Table of ContentsPreface
List of Figures and Tables
Part I: Embodied Cognition and Confucian Philosophy
Chapter 1: What is Embodied Cognition and why is it an exciting way to understand the mind?
Chapter 2: Embodied Moral Psychology and Confucian Human Heart
Part II: Aspects of Embodied Confucian Moral Psychology
Chapter 3: Moral Psychology of Confucian Philosophy
Chapter 4: Qing, the Embodied Emotion
Chapter 5: Character or Solution? Situated Confucian Virtue
Glossary of Key Terms
About the Author
What People are Saying About This
The main strengths of this study lie in a substantive statement of an embodied cognition approach to Confucian moral psychology, particularly the Mencian wing of the tradition. Seok outlines an alternative to existing rationalist and sentimentalist accounts of Confucian moral psychology, drawing extensively from a wide range of research programs across the cognitive sciences in ways accessible to the non-specialist. Along the way, he applies this new framework to a number of important issues in the corpus, including the nature of moral judgment, virtue, and emotion. The book provides a new and fruitful vantage point from which to evaluate some of the core assumptions of the classical Confucian thinkers.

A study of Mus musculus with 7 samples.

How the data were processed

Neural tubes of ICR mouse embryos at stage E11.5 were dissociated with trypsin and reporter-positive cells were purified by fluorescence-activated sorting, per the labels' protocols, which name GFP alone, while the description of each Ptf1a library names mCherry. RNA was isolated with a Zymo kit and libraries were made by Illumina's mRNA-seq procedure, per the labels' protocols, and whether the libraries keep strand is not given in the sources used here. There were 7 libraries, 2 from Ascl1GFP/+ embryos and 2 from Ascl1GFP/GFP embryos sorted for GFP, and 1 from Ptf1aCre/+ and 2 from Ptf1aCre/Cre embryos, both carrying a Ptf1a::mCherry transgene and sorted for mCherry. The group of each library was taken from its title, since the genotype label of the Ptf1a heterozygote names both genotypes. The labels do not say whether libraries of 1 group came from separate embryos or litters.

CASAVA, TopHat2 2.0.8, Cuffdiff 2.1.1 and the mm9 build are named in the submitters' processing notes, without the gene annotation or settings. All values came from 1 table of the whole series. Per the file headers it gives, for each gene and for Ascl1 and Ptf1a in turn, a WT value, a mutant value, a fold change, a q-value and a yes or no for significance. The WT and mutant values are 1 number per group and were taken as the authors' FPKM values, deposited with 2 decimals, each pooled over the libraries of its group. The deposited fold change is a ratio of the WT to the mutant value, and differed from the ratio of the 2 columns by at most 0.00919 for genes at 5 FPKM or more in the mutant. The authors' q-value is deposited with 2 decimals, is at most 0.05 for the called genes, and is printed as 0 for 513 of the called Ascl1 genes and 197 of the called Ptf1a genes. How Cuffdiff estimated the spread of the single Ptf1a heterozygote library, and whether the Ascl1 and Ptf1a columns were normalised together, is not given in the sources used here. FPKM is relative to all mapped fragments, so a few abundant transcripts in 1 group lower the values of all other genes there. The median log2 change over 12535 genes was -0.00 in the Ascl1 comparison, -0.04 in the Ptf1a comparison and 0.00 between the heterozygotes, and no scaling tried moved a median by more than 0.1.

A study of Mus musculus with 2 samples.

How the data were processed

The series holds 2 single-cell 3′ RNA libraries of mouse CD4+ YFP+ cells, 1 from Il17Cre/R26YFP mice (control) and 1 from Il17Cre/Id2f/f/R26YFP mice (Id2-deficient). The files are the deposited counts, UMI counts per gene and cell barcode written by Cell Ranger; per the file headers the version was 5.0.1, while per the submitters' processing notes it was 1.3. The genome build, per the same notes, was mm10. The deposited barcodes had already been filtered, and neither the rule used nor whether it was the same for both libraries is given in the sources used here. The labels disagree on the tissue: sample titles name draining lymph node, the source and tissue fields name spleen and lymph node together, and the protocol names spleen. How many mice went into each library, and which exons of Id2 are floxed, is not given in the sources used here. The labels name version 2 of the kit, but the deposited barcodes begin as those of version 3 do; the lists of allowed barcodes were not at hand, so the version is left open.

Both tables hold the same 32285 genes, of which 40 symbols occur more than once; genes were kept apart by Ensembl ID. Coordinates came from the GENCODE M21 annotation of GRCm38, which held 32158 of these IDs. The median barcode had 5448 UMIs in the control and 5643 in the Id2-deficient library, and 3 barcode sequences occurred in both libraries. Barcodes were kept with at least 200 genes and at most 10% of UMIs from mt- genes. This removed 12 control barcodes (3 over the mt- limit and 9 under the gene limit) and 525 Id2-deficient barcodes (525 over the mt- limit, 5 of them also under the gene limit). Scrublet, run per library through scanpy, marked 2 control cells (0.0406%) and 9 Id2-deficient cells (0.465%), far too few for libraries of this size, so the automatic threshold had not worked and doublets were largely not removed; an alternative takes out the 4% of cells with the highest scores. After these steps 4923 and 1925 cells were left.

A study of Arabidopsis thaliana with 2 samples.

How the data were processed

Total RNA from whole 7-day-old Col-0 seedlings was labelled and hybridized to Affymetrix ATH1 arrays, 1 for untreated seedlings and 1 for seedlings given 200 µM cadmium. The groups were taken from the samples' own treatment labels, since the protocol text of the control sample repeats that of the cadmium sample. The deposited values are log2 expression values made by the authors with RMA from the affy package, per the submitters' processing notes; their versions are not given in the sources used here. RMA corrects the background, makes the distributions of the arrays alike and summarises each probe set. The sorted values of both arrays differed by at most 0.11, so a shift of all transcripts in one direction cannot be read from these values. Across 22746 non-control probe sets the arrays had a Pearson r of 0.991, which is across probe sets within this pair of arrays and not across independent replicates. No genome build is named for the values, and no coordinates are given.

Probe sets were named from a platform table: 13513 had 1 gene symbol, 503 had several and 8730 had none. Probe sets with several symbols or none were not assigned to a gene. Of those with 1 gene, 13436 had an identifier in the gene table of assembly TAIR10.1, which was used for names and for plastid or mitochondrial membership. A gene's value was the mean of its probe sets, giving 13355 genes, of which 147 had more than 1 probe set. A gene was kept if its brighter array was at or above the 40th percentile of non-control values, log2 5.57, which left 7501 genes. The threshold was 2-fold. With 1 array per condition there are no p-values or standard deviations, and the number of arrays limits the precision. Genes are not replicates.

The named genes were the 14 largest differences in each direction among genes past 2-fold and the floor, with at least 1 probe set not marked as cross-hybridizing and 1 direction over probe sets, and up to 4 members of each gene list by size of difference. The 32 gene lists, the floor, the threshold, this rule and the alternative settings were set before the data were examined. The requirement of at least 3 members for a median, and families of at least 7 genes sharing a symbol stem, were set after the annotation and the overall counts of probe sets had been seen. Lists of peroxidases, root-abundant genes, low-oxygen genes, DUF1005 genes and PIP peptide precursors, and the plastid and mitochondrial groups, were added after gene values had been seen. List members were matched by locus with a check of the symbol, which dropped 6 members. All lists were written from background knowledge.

There is a movement underway in philosophy that takes advantage of both advanced research in cognitive neuroscience and the latest developments in pre-modern Chinese philosophy with the goal of producing better-founded theories in philosophy more generally. In this book, Bongrae Seok demonstrates why he is among the leaders of this movement. Drawing from a wide range of scientific, interpretive, and philosophical sources, Seok draws a detailed and persuasive argument for understanding Confucian moral philosophy as a middle ground between virtue ethics and situationist ethics, and as an important alternative to prevailing hyper-rationalist theories of moral agency.